Castleman Disease: Pearls and Myths

We have all experienced misinformation about our disease. The CDCN wants to bring accurate information to the community and one of the ways we are doing this is through a book and new publication by Dr. David Fajgenbaum and Dr. Luke Chen: A Clinician’s Pearls and Myths.


• There are at least 4 clinically distinct subtypes of Castleman disease: unicentric Castleman disease (UCD), human herpes virus (HHV) 8-associated multicentric Castleman disease (typically associated with HIV), POEMS-associated multicentric Castleman disease, and HHV-8-negative/idiopathic multicentric Castleman disease (iMCD).

• iMCD is often further subdivided into iMCD-TAFRO and iMCD-Not Otherwise Specified (NOS). TAFRO is an acronym for: thrombocytopenia, anasarca, fever, reticulin fibrosis, renal dysfunction, and organomegaly. iMCDNOS patients tend to have thrombocytosis, plasmacytosis, hypergammaglobulinemia, and a less severe clinical course than iMCD-TAFRO.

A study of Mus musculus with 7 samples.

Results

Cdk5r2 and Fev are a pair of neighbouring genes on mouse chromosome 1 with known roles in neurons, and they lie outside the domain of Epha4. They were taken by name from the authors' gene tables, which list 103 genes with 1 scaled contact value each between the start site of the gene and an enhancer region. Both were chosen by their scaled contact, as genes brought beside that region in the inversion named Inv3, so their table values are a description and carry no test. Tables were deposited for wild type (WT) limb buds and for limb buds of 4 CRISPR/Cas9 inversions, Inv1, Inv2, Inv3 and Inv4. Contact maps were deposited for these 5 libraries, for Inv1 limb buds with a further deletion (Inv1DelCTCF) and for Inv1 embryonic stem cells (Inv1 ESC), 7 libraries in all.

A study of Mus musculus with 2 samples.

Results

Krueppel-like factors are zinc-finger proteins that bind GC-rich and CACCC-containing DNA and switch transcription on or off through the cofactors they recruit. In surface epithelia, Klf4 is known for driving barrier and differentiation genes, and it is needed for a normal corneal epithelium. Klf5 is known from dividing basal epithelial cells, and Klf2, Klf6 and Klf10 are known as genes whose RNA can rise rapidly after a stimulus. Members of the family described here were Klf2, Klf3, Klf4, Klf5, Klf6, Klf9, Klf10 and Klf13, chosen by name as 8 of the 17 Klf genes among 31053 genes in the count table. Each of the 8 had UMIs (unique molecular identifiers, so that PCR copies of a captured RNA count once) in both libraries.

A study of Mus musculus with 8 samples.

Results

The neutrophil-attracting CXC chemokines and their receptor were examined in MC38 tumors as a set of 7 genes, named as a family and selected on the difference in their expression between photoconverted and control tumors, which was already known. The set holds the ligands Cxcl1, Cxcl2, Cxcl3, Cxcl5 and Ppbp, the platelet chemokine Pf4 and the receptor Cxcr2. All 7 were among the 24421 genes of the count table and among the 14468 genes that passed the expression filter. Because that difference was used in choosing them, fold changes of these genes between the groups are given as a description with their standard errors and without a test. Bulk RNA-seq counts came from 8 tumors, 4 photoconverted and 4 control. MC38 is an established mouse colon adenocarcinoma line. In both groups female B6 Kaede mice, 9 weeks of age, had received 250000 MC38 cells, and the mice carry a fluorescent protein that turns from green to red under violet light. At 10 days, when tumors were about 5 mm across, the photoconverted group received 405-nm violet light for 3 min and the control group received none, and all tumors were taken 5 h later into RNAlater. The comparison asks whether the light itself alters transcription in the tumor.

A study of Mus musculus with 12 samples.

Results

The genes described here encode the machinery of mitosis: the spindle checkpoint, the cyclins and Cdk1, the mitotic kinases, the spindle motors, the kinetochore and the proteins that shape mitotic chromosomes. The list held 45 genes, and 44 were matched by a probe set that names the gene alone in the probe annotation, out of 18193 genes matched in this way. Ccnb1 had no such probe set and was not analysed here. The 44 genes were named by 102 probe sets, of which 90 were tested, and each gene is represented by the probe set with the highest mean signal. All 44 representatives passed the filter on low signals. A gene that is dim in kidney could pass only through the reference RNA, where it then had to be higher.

• Histopathological features should not be the basis upon which UCD is differentiated from MCD. Rather, the distinction between UCD and MCD should be made by imaging alone.

• Historically, Castleman disease was categorized by the histopathologic appearance of lymph nodes but this provides limited clinical utility.

• First-line treatment of UCD always includes surgical resection, when possible. Complete surgical resection of the involved lymph node(s) is almost always curative.

• Highly active antiretroviral therapy (HAART) and rituximab are quite effective for HHV-8 associated MCD.

• Biologic therapies targeting interleukin-6 are first-line therapies for the treatment of iMCD.